Invisible Church

Steve Aisthorpe is a Mission Development Worker for the Church of Scotland. He researched ‘churchless Christians’ as part of his doctoral studies, and The Invisible Church was published by Saint Andrew Press in 2016.
Research shows that about two-thirds of people who leave church continue to have a Christian faith. 
After Constantine, instead of being a dissident movement within society, the church became conventional. “The problem,” writes Aisthorpe, is that, while the concept of Christendom no longer provides the overarching narrative of Western culture, it continues to define the self-understanding of many (perhaps even most) churches. Rather than seeing the loss of cultural respectability as an opportunity for a re-focusing of the church on the person and message of Jesus, many mourn the passing of Christendom…. the fact is that the world is over Christendom. Now the church must get over it too.”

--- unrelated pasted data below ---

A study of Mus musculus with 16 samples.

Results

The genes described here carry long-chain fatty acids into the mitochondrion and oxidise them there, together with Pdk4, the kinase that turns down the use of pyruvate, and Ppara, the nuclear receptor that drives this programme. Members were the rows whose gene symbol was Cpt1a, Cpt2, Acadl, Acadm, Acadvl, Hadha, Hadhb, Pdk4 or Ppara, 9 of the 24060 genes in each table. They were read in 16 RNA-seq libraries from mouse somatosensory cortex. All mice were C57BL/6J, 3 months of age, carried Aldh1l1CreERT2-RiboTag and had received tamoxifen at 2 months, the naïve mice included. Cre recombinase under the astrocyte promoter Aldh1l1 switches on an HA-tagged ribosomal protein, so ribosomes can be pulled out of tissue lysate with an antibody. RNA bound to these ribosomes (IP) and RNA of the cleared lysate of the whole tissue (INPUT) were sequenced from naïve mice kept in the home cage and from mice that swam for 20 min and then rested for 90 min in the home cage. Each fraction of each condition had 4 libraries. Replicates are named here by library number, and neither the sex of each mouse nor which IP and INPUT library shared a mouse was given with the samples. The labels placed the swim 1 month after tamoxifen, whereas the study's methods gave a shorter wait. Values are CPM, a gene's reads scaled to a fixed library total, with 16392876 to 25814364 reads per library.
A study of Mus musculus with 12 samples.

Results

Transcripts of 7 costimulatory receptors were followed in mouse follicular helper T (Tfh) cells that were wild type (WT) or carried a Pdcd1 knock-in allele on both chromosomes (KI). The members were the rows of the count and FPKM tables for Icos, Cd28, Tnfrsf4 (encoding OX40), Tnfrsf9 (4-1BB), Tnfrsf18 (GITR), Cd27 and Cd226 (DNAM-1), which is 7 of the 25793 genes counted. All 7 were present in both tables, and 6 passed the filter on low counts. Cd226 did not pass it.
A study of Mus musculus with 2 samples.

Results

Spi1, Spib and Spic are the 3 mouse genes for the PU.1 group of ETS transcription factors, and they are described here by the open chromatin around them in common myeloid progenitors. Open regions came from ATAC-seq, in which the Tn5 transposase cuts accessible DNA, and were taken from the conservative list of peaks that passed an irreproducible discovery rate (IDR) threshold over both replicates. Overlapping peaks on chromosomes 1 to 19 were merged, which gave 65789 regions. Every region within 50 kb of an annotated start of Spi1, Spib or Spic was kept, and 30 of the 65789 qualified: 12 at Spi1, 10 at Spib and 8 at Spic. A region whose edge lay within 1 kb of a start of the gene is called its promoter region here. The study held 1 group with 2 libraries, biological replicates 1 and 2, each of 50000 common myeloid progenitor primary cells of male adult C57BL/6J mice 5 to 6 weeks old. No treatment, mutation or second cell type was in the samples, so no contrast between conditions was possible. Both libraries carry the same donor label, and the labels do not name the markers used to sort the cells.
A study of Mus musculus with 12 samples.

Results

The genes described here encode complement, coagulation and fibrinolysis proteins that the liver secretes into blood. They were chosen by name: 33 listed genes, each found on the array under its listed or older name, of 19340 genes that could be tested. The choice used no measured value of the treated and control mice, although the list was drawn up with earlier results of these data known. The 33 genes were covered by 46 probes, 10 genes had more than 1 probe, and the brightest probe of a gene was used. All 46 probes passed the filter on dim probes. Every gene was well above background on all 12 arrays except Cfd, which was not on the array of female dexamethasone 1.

“The decline in church institutions (attendance and membership) is considerably more substantial than the decline in Christianity…. Christians who are not attending a church congregation in the traditional sense comprise a considerable and growing population, and probably now out-number those who attend church on any given Sunday. The empirical evidence explored in this book shows that substantial numbers of those people who have disengaged from churches long to be part of a vital, revolutionary, compassionate movement of Jesus-followers such as existed pre-Christendom.”
This is where we in Wellbeing Church want to be too.